San Francisco defenders demonstrate the importance of zealous advocacy

BY Jon Mosher on Friday, January 28, 2011 at 10:38 AM

Our American system of justice presumes that law enforcement officials are human, and thus fallible.  Despite the overall dedication and professionalism of the hundreds of thousands of citizens employed in the police and prosecution functions in this country, it is simply impossible to always arrest and prosecute the right defendant for the right crime in every single instance.  If errorless law enforcement existed, there would be no need for a jury of one’s peers to weigh the evidence in a case before an impartial judge.

Because American jurisprudence is based on an adversarial court process, competent defense lawyers are necessary to scrutinize and challenge the arresting officers’ tactics, the police investigation, the lawfulness of any searches and seizures, the credibility of the evidence, and the district attorney’s theory of the case to improve the overall quality and effectiveness of law enforcement itself.  Arguably, it is because of a strong adversarial process that the United States is in the forefront of cutting edge public safety technologies -– like DNA evidence –- that help to exonerate the innocent while convicting the guilty.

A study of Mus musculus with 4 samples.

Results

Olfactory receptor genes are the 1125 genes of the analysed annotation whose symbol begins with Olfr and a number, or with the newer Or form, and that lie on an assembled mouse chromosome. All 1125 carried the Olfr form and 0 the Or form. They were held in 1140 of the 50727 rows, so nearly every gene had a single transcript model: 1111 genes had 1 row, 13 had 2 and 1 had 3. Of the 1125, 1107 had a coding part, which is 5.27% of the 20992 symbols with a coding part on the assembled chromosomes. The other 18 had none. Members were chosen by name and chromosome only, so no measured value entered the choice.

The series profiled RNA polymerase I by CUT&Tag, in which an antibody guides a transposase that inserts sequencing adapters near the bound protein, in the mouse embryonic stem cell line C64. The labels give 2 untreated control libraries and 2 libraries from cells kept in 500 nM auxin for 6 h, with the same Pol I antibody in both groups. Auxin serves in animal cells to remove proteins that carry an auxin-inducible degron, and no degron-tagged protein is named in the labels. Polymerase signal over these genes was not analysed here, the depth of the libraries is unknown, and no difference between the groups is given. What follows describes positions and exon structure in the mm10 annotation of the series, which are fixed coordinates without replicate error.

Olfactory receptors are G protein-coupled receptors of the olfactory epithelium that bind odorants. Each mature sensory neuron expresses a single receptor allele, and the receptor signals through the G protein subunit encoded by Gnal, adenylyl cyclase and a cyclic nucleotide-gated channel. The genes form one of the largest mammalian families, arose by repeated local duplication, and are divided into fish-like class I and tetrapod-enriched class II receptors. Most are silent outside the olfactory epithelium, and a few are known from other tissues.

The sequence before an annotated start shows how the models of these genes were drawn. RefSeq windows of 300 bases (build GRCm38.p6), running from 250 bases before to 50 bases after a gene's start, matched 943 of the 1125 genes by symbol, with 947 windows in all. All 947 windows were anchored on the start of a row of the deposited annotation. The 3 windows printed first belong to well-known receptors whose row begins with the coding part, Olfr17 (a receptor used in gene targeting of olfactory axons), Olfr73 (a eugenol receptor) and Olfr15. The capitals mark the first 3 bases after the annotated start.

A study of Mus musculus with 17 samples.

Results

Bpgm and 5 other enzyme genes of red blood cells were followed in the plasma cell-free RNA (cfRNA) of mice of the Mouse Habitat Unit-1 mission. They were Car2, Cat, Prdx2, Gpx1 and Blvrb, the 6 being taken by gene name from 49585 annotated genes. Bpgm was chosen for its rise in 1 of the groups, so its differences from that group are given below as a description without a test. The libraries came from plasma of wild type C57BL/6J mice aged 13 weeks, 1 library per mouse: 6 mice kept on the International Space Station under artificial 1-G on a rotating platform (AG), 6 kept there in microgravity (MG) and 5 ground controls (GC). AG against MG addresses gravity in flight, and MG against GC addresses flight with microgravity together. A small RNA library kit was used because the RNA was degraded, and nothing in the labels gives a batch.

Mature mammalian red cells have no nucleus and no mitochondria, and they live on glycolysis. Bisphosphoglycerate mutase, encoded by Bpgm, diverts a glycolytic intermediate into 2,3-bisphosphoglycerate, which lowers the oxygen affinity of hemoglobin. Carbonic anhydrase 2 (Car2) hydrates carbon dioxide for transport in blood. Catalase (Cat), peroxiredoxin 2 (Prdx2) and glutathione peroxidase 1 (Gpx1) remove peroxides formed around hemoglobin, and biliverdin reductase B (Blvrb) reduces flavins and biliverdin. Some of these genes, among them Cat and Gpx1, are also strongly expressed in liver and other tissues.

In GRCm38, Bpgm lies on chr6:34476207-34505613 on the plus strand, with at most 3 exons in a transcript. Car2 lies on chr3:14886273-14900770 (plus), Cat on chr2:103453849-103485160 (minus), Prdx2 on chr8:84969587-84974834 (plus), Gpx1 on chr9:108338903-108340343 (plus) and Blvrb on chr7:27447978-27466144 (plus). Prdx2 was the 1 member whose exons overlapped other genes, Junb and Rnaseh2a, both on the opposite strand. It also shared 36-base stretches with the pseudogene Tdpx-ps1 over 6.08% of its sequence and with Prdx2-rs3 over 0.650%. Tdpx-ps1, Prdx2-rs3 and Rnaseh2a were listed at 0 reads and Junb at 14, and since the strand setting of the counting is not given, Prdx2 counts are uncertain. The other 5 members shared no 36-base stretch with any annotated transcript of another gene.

As reported in the Bay Cty News (via the SFAppeal), that critical role of the defense attorney appears to be working in San Francisco. "According to the public defender's office, of its 168 trials in 2010, 36 percent resulted in not-guilty verdicts, and in 12 percent, juries were unable to reach a unanimous decision."